The Golf Pitch

Tracey’s grandfather died of a melanoma when she was about six, which probably explains my wife’s strict and unwavering insistence on the kids avoiding even a hint on a tan. It’s also why I was so keen to support Cancer Council and their new program aimed at golfers.

The fact is, most people probably know someone in their family or extended group of friends who’s had a skin cancer scare or worse.

“Do you have much to do with golf?” my agent, Sam, asked me last week.

“Last year I was at the local course almost every week,” I told her honestly.

My association with the local golf course goes back many years, although if I’m completely upfront I should add it almost exclusively involves lunch and, more specifically, having a chinwag with mates at the nineteenth.

“So you’re a golfer?” she asked. Then, assumingly because she’s met me, she went on, “I can’t picture that.”

“Regular as clockwork,” I assured her. I mean, it’s not like I own a golf racket or anything, but I have been known to hit a ball around – usually at Putt Putt with the kids, but occasionally on the fairways.

“Really?” Like the media towards the end of the US election, she wasn’t even trying to hide her doubts now.

Little did she know she could set her watch by me. Not the big or little hands, obviously. Not even the day of the month.

“I have a hit every year with a mate,” I said. Every May, in fact. “We generally do nine holes on the par 3, whether I want to or not.”


But lots do want to.

Golf is one of the most popular sports in the world, not least because it can be played by athletes and was-athletes, like me.

The mate I like to play with goes out weekly for a round: rain, hail or shine.

Which brings me to the point of this post. The risks involved in walking around the golf pitch.

Everyone knows you have to be careful on the course when there’s a storm around because of the risk of lightning strikes, but the fact is there’s only been an average of one golf death a year from lightning strikes in the whole of the US.

The greatest risk to golfers actually exists regardless of the cloud cover, or lack thereof.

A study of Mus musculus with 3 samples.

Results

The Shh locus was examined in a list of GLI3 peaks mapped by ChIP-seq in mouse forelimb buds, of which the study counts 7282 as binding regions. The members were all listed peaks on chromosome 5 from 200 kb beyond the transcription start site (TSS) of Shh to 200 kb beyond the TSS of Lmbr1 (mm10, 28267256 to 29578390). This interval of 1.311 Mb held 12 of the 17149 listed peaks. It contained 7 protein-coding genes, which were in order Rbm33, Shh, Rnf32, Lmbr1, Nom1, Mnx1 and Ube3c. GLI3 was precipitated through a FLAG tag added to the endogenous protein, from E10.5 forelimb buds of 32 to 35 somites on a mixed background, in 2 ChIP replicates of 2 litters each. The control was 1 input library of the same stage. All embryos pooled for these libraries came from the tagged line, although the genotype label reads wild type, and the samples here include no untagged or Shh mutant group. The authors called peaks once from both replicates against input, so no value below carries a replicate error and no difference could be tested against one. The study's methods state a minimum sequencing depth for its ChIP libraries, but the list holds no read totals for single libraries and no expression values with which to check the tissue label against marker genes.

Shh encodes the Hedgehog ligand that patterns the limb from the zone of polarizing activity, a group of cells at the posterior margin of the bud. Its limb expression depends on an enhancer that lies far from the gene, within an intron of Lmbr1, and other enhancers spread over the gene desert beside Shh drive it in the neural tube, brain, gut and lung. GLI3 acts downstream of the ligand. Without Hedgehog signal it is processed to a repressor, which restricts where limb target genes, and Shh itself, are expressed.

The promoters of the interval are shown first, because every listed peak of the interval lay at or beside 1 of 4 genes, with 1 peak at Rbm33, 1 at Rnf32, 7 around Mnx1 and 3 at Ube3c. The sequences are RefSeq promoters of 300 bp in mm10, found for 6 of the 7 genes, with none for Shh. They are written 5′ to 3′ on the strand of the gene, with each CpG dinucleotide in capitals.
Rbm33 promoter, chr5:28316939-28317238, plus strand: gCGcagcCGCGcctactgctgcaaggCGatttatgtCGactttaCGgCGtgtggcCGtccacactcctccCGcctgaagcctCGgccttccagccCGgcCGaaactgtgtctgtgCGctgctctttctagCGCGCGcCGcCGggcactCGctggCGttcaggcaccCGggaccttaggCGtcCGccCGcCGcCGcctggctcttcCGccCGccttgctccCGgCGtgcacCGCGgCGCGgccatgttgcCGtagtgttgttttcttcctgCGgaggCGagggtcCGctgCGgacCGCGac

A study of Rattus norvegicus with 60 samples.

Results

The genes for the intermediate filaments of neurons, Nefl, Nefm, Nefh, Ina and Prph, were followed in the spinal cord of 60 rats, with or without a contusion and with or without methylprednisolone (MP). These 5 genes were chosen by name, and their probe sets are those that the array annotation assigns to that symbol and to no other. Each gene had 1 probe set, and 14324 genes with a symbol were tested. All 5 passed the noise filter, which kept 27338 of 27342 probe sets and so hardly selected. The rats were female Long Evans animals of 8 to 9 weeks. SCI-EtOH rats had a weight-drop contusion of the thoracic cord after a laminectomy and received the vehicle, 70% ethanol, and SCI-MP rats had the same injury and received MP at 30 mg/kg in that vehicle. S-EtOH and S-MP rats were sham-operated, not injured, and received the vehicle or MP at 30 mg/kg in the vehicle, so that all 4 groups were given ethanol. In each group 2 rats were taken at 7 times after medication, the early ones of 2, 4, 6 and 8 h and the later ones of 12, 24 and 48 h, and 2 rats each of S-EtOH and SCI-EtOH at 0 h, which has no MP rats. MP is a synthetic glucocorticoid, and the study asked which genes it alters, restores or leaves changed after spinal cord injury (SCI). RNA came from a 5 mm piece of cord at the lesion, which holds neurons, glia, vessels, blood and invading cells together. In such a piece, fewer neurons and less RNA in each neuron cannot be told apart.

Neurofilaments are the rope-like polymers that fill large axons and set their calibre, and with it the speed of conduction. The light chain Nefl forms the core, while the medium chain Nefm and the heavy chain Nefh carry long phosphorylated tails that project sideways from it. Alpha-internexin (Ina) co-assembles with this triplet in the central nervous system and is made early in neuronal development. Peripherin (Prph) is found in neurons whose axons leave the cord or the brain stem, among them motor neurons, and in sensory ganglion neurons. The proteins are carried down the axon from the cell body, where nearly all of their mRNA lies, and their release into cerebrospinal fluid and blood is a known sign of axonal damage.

And here’s where I get a bit serious about the message here, because it’s important and something our family is passionate about.

As parents we’re always making sure our kids are sun safe. We know they need to wear hats. We know to put heaps of sunscreen or zinc on them. We know they should be wearing rashies in the water. These sun safe messages have been splashed in front of us since the days of The Goodies and Dr Who, and they enforce it in schools and kids’ sporting events. Our kids will grow into adulthood doing the right thing by their skin as a matter of course.

But how often do we all overlook these things for ourselves these days, even with all the messages out there? It’s actually us adults who are forgetting we need to think about the slip and the slop and the slap for our own sun sensitive skin.

And it will come as no surprise to the female half of most relationships to learn men are the worst for it.

In fact, men over forty are 1.5 times as likely to be diagnosed with melanoma (and more than twice as likely to die from them) as women in the same age bracket.

The message is simple – don’t risk being a lesson for your grandkids. Next time you or your partner head out onto the golfing ovals remember to think about the long game as well as the short and play it safe. Sun safe. Put on a broad-brimmed hat, shirt, pair of sunnies, lather a bit of sunscreen into the bits which are showing, and seek a bit of shade between holes.

I know, come this May when I grab a golf bat and ball, I will. Tracey will insist.

And, like a good mate, I’ll remind my buddy too if he forgets.

Because I reckon golf is painful enough without the added short term agony of red, blistered skin and the long term potential of tapping ourselves into a hole before we’ve finished living the full eighteen hole.

You can be a pal too by forwarding this reminder to a golfing buddy. Or his wife. 

Thank you to Cancer Council NSW for supporting our family, watching out for others and sponsoring this post.
My ‘American Gothic’ pose. No reason.
This is where I really shine on the golf course – stick slick.
I like to serve first so I have time to find my ball while the rest tee off.
I’ve found putting is 10% focus and 90% where you drop the flag.
Thank you very much, and don’t forget to tip your waitresses at the nineteenth.

Raising a family on little more than laughs

Thank you to Cancer Council NSW for supporting our family, watching out for others and sponsoring this post.